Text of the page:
Puri: The much-awaited Snana Yatra has begun in the holy town san devotees this year. It is being held the full-moon day of the month of Jyestha is the ‘Devasnan Purnima’ or ‘Snana Yatra’.
According to Skanda Purana when King Indradyumna installed the wooden deities he arranged this bathing ceremony. The Snana Yatra is also believed to be a tribal ceremony as Lord Jagannath in his early form was being worshipped as Nilamadhava by a Savara chief called Viswabasu.
The tribals (called Saoras or Sabaras) perform a rite to bath their Deities ceremonially on the last day of the month of Jyestha. For this, they collect water from remote jungles where it remains untouched even by the shadow of the animals.
On the previous day of Snana Yatra the images of Lord Jagannath, Lord Balabhadra and Goddess Subhadra along with the image of Sudarshana are ceremonially brought out from the inner sanctum of the main temple in a procession, called ‘Pahandi’, to the Snana Mandapa (Bathing pandal).
The Snana Mandapa is situated to the north-east of Ananda Bazar and besides the outer wall of the temple (called Meghanada Pacheri).The length and breadth of this bathing platform is 76 feet.
The Snana Mandap is at such a height that visitors standing outside the temple also gave a glimpse of the Deities. On this auspicious day, the Suaras and Mahasuaras go in a ceremonial procession to fetch 108 pots of water from the Golden well (called ‘Suna Kua’).
The holy water is drawn from this well once in a year. During the entire process, all of them cover their mouths with a piece of cloth so as not to contaminate it even with their breath. Then all the pots filled with water are preserved in the ‘Bhoga Mandap’.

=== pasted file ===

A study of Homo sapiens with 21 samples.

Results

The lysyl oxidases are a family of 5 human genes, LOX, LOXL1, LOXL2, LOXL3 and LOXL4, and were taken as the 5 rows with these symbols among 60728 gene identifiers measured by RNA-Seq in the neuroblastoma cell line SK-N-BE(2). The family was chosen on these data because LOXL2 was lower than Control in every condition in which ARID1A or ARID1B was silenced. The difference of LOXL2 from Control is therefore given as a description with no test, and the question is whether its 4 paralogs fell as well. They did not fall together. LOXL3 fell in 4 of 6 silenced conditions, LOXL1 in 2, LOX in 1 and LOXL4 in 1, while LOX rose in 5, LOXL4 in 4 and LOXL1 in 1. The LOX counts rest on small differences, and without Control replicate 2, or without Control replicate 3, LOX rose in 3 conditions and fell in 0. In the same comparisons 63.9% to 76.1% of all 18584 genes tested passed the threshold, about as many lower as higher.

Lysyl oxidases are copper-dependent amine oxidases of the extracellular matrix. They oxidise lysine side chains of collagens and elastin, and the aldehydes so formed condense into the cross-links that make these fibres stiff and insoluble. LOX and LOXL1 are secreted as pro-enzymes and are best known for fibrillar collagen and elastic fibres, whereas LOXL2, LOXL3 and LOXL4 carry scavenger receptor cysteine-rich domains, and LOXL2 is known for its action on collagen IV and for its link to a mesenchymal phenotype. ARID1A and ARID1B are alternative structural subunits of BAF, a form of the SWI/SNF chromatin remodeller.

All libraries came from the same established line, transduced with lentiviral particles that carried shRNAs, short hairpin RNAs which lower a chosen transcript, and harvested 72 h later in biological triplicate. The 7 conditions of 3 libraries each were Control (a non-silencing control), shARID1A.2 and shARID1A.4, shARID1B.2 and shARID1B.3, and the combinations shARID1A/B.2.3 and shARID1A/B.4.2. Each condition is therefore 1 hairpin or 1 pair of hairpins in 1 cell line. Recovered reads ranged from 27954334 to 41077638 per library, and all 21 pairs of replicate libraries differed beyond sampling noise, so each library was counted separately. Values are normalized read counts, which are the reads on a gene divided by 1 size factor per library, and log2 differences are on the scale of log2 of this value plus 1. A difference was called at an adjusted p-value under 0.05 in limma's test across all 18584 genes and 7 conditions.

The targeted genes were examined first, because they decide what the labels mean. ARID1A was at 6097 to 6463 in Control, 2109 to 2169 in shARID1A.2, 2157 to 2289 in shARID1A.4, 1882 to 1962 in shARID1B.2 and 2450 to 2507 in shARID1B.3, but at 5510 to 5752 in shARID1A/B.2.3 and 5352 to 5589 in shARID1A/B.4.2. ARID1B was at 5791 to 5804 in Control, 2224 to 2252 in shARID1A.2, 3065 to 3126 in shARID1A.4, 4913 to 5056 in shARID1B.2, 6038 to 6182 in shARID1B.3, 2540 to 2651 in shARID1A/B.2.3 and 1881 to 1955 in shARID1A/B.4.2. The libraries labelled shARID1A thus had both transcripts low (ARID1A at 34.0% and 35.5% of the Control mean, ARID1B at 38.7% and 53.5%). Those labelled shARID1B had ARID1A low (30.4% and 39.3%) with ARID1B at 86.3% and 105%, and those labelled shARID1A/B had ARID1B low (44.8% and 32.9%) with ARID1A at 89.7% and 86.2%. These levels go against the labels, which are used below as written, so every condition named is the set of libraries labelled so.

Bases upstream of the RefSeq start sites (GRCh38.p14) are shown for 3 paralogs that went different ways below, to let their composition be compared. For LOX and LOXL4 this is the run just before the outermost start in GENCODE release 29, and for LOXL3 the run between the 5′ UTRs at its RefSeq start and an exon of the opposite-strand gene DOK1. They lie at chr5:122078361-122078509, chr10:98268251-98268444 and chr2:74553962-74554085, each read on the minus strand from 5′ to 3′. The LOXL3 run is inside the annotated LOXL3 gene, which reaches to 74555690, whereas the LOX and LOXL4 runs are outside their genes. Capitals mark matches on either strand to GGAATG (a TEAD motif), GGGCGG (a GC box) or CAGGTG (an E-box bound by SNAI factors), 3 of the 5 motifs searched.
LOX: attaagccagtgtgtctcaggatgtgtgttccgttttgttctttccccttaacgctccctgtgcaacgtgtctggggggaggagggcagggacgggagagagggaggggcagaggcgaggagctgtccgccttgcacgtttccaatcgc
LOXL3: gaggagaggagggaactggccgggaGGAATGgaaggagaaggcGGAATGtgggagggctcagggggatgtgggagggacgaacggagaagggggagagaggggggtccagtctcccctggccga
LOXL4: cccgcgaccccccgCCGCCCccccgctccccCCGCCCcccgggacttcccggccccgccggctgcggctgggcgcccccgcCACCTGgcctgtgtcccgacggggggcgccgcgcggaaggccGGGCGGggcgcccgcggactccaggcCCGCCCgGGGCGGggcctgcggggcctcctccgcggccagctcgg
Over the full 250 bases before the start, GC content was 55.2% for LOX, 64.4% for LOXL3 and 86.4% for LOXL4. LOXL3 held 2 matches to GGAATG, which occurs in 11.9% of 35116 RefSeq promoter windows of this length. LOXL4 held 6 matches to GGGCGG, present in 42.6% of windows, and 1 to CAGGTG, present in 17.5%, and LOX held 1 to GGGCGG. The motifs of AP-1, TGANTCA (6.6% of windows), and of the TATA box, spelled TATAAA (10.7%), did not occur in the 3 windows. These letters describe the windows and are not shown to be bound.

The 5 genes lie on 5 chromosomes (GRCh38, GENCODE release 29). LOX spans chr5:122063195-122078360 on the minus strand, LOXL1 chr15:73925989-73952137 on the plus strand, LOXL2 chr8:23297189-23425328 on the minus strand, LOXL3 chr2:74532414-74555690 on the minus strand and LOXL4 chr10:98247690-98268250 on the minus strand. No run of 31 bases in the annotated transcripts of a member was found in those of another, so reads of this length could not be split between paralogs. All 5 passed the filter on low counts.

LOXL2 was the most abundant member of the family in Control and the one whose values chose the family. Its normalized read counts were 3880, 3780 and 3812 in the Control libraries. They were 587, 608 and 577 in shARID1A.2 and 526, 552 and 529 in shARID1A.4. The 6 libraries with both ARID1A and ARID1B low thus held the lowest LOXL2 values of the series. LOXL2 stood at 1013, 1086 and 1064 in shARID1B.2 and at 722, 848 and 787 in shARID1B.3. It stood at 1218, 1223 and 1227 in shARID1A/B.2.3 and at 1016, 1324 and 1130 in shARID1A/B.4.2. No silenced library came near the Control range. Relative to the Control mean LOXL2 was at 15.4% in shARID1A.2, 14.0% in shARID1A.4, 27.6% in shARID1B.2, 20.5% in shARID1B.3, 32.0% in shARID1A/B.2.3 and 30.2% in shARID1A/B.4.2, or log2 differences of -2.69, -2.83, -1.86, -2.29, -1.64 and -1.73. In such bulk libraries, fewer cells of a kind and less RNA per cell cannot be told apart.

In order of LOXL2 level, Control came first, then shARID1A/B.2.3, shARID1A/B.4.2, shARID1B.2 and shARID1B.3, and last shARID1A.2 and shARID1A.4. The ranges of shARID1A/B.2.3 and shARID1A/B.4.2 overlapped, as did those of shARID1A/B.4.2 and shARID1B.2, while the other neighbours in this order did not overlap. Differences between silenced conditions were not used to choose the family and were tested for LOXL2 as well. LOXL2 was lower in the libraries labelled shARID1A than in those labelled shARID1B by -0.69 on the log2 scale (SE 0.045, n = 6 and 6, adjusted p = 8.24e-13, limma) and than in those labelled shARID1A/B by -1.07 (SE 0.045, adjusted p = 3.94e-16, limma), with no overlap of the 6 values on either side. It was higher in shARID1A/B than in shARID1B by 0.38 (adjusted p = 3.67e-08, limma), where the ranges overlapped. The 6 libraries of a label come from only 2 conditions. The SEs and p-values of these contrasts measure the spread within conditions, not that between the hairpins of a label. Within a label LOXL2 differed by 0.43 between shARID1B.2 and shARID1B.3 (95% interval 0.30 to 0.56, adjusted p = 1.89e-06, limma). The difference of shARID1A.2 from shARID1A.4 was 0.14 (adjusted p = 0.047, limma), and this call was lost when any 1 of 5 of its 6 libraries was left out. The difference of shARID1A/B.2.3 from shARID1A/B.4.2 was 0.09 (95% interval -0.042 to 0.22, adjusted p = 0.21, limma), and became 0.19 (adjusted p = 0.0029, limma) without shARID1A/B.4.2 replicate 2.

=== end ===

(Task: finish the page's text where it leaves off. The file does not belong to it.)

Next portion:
The priests purify the water with Haladi (turmeric), Java (whole rice), Sandal (Chandan), flowers and perfumes. The rituals are accompanied by chanting of Vedic mantras by the priests, kirtana and blowing of conch shells.
At evening, after the bath ritual, the Deities assume the special elephant form which is otherwise known as ‘Hati Vesha’. Lord Jagannatha and Lord Balabhadra are dressed like an elephant, and Goddess Subhadra wears a lotus flower ‘besha’.
In India, this period (Jyestha month) is the hottest time, just prior to the monsoons. Due to the number of bathing liquids that are offered to cool the Holy Trinity’s transcendental bodies, their painted form takes a bit of a wash-out.
The deities are painted on with natural earthly mineral paints, not modern oil-based paints, so when water is applied to cool their forms it also fades away the paint. For this reason, the images are immediately dressed in the Hati Besha in which they remain mostly covered.
Anabasara or Anasara
After the Snana Yatra, the deities are kept away from public view for fifteen days and during all these days the daily rites of the temple remain suspended. As Jagannatha himself instructed, after this ceremony, he is not seen for a fortnight.
During these fifteen days the Daitas (descendants of Viswavasu, the Savara) repaint and restore the Deities and Jagannath’s fine decorations. The Deities are kept on a special “sick room” called the Ratan Bedi inside the temple. This period is called ‘Anabasara Kala’ meaning improper time for worship.
During ‘Anabasara’, the Daitas offer to the Deities only fruits and water mixed with cheese, and Dasa Mula medicines to cure his fever. In a devotional mood, the devotees accept that due to all the bathing the Lord becomes transcendentally poor, and therefore needs to take rest.
During the ‘Krishnapaksha’ of Ashadha month, after the Snana Yatra when Lord Jagannath is in the infirmary, he is believed to manifest as Alarnath Dev and gets worshipped at the Alarnath temple in Bramhagiri (25 kilometres from Puri). During ‘anasara,’ ‘mahaprasada’ (offering) for Lord Jagannath is available in Anandabazar of Alarnath. The ‘kheer’ offered there is regarded as very special.
Human Form of the Holy Trinity
Like human beings, they are considered to have fallen ill and are treated by the Raj Vaidya or the King’s physician with specific medicines (Dasamulas). On the 16th day, the Deities in their new forms after renovation become ready for the public view – darshan.
The festival of the first appearance of the Lord Jagannath to his devotees is called “Netrotsava” (festival for the eyes). According to priests of the Jagannath temple, a devotee washes away all sins if he/she gets a vision of the Lord on this day.